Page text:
T his remarkable collection of works by Joseph Philibert Girault de Prangey takes us to one of the first destinations on his Grand Tour: Rome, with its intimate streets, its impressive monuments and architecture details and even very rare portraits of people and animals. Of his three month stay in 1842, he brought back an extraordinary testimony, from which we are presenting 35 daguerreotypes.
Also present in this collection is his late body of work showing albumen prints and stereoscopic views. An important exhibition of his work has just been announced by the Metropolitan Museum in New York and the Musée d'Orsay in Paris in 2019.
Girault de Prangey was born in Langres, North Eastern France, in 1804 as the sole heir of a wealthy family of the local aristocracy. His artistic talents led him to drawing classes in Langres with his friend the painter Jules Ziegler. He continued his studies at the Ecole des Beaux- Arts in Paris and received lessons from landscape painters François-Edme Ricois and Jules Coignet who gave him the love of travelling. During his Parisian years, he also obtained his Bachelor’s degree in Literature in 1826 and Bachelor in Law in 1828. Girault de Prangey’s family fortune allowed him to devote himself to drawing and archaeology.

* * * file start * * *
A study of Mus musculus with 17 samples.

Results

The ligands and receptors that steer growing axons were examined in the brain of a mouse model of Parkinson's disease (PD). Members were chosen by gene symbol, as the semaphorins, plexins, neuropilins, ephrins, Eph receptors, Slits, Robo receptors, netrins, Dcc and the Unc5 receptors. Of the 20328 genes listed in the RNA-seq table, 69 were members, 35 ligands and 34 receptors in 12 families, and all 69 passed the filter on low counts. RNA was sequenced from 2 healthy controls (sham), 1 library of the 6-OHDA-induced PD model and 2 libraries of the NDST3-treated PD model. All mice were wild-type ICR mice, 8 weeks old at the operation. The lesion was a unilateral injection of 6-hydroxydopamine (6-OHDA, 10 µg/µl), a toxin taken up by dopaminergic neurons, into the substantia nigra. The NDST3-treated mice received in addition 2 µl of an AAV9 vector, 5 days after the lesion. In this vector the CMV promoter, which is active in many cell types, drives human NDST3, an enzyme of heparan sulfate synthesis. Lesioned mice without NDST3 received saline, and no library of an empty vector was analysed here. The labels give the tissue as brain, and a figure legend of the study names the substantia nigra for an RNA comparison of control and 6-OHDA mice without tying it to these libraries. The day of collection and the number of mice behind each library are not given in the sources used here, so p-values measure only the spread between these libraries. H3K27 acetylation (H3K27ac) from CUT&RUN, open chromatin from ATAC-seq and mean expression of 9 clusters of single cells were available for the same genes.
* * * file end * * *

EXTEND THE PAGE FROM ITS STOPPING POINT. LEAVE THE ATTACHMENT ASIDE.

From 1830 to 1834 he travelled to Italy, Algeria, Spain, Sicily and Switzerland. His family fortune allowed him to devote himself to drawing and archaeology. A great lover of architecture and the East, he was also one of the founding members of the Archaeological Society of Langres in 1836. While planning a new journey, the process of daguerreotype was disclosed in 1839. Immediately, Girault de Prangey was enthusiastic about this new tool that seems to meet his aspirations: an accurate registration of monuments and their architectural details.
Despite a very long exposure time and the challenges inherent to this early technique, the image he made remains disconcertingly fascinating 176 years later. His precious portraits — campagnolei (men from the countryside), a giuncatarro (cheesemonger), a Nemi fisherman and a young woman with a flower — were highly original for their time. So was this close-up daguerreotype of oxen in the Forum, an extremely rare view.
This exceptional collection of daguerreotypes allows us to make a Journey through Rome at the time when the very first photographers made it to the city. The daguerreotypes will be on display at Sotheby’s Paris during the photography week Paris Photo and sold at auction on Friday November 9.
You can download the brochure containing further details and texts on the collection A Travel to Rome – Exceptional Daguerreotypes by Girault de Prangey here.